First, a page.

CHASE — This community's new zipline mixes adrenaline with natural wonder — a welcome jolt to guests and to the village economy.
Following two years of planning, legal wrangling and construction — mixed with a smattering of opposition from a handful of locals — Treetop Flyers at Chase Canyon main ziplines opened Tuesday.
Wearing helmets and climbing harnesses, two of the three local partners on the project are flying the three lines and guiding guests. And the rush of screaming down the 300-metre line above the torrent of Chase Creek and past rock walls and towering trees hasn't dulled their grins.
"We've had five bighorn sheep at eye level across the canyon," enthused partner Ron Betts.
"Germans and Europeans are going to be thrilled. It's going to blow them away."
Betts is partnering along with Matt Lepp and Daniel Ruzic in the $300,000 venture. A fourth partner from Whistler owns the technology that Treetop Flyers is using for the attraction.
By now the story is familiar to locals. Lepp and Ruzic were enrolled in a Thompson Rivers University tourism degree program and were shopping around their award-winning business plan for a local zipline.
Betts, a heli-ski guide who happened to be working at Sun Peaks Resort during the summer season several years ago, saw the proposal cross his desk. That led all three to Kevin Smith, a leader in the technology who would become a fourth partner.
"I was always entrepreneurial," said Lepp, who moved to Kamloops from Saskatchewan to take the TRU degree program. "I thought it would be amazing to work for myself. You don't imagine yourself a small business owner right out of university."
But the partners also got an education after finishing school. While the idea was welcomed by politicians and the business community in Chase, they were dogged by a handful of vociferous local opponents.
Treetop Flyers set up and opened the training line in the village, beside the hockey arena, late last year.
Driving through the village in his Japanese right-hand-drive van/bus, Betts waives at other small business people and residents.
"You can't drive down the street without waving at 52 people. That's one of the things I love. You get a direct connection."
The partners also connected with the local community by using local services wherever possible, including purchasing rough-hewn cedar used on take-off and landing platforms. They also helped during construction, wielding hammers and tools alongside contractors.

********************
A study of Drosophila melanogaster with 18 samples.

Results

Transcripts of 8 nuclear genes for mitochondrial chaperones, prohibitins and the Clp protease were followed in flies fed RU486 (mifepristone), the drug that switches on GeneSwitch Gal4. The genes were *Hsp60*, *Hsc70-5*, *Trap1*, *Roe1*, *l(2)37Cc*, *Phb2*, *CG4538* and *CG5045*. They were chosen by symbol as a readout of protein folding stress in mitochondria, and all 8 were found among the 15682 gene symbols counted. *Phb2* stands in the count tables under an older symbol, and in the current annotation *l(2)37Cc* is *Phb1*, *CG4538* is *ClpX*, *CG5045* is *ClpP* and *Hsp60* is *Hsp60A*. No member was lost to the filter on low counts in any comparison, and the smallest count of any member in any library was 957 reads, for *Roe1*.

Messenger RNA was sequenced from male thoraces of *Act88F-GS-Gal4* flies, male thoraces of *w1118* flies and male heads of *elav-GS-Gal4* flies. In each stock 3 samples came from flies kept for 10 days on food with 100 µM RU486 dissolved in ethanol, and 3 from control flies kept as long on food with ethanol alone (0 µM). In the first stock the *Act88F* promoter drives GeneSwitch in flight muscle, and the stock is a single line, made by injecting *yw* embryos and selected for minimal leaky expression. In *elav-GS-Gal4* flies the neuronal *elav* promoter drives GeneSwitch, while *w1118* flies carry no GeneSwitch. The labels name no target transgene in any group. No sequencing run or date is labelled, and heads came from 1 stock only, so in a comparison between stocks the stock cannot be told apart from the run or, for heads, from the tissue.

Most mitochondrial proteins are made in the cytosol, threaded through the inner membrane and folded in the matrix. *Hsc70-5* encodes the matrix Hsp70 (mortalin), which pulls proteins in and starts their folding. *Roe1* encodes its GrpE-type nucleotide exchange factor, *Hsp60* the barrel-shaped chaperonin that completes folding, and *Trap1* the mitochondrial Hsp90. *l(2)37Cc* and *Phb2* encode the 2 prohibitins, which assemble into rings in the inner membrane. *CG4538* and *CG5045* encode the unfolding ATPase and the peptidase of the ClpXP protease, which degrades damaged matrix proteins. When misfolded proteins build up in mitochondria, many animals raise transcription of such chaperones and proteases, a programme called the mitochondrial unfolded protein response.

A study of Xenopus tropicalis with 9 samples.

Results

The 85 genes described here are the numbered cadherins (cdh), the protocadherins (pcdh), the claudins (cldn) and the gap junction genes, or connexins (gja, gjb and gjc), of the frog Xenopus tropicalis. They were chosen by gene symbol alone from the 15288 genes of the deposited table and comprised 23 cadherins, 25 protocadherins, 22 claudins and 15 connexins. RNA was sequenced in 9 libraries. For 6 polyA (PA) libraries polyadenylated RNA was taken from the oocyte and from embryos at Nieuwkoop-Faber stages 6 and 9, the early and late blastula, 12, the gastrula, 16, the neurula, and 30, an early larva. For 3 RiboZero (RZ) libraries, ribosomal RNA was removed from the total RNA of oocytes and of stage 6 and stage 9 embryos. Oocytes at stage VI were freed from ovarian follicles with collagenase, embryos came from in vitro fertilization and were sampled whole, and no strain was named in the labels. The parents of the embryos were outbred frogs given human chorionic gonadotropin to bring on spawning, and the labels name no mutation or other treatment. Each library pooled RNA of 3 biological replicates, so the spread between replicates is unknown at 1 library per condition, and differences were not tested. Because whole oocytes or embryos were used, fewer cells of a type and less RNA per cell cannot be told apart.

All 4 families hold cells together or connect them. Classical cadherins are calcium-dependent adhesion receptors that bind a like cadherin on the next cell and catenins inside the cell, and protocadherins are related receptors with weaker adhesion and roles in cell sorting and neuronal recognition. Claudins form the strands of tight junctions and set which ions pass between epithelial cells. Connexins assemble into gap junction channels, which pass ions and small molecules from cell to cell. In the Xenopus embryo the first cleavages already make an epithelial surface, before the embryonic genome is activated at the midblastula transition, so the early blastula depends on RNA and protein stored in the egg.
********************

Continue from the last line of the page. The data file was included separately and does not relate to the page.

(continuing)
Lee Morris, executive director for Tourism Kamloops, said the zipline is an exciting new attraction for the region, one that should keep people staying longer or attract them here in the first place.
Another example is off-road Segway tours in the North Shuswap.
"I can do a day trip and get two or three things in. We've been joint marketing with the North Shuswap. We're trying to cast a net around Kamloops."
The morning before official opening of the main line, Chase Mayor Ron Anderson dropped by to check things out. Both the prior council and the current one have encouraged and co-operated to make the venture a reality.
"There's going to be spinoff," said Betts.
"We've never said we're saving the economy. We're one business in the town. We've had guests here and they go to a restaurant (for example). We think it will be good for everybody."
WHAT'S IT LIKE TO FLY?
In the safety talk and orientation before my run on the training line in the village — dubbed the Flying Fox by Treetop Flyers — partner and guide Ron Betts explained the polyethylene wheels on the trolley that runs down the zlpline are designed to be quiet.
Ziplines are so named in part for the zipping sound emanating from the wheels as they carry down the steel cable.
The sound is subdued on the four-storey-high Flying Fox, located in the village beside the arena. But by the time we’re on the third line, slicing through Chase Creek canyon, the speed is more than double and the wheels are screaming above the torrent of the crashing stream below.
Partners Betts and Matt Lepp tell guests before takeoff to look over their right shoulder at Chase Creek falls, which foams and jumps with whitewater and sediment.
At 65 km/h, riders fly over rocks, torrents of whitewater and smashed logs, while passing trees and rock faces.
Then, after 300 metres in distance and well over 100 metres in elevation, a rider on the Bighorn line slams into a set of spring brakes.
The only action needed from the rider is to lift their legs up in a protective, heels first position, before running into the brakes at the end of the run.
Tours are designed to last less than two hours and involve “flying” — in the lingo of the industry — first a training line, then a 120-metre canyon line to a landing spot and finally the 300-metre Bighorn, which ends at the former rest stop beside the Trans-Canada Highway.
But the ride is about more than the brief time on the lines. It includes orientation, riding all three lines, the drive up the mountain and a short walk in the forest wet with spray from the falls.
Guides will also talk about local history, culture and ecology for the experience that focuses heavily on seeing the natural world from a new vantage point.
The 1:45-minute experience costs $65 for an adult. A run on the Flying Fox in the village is $25.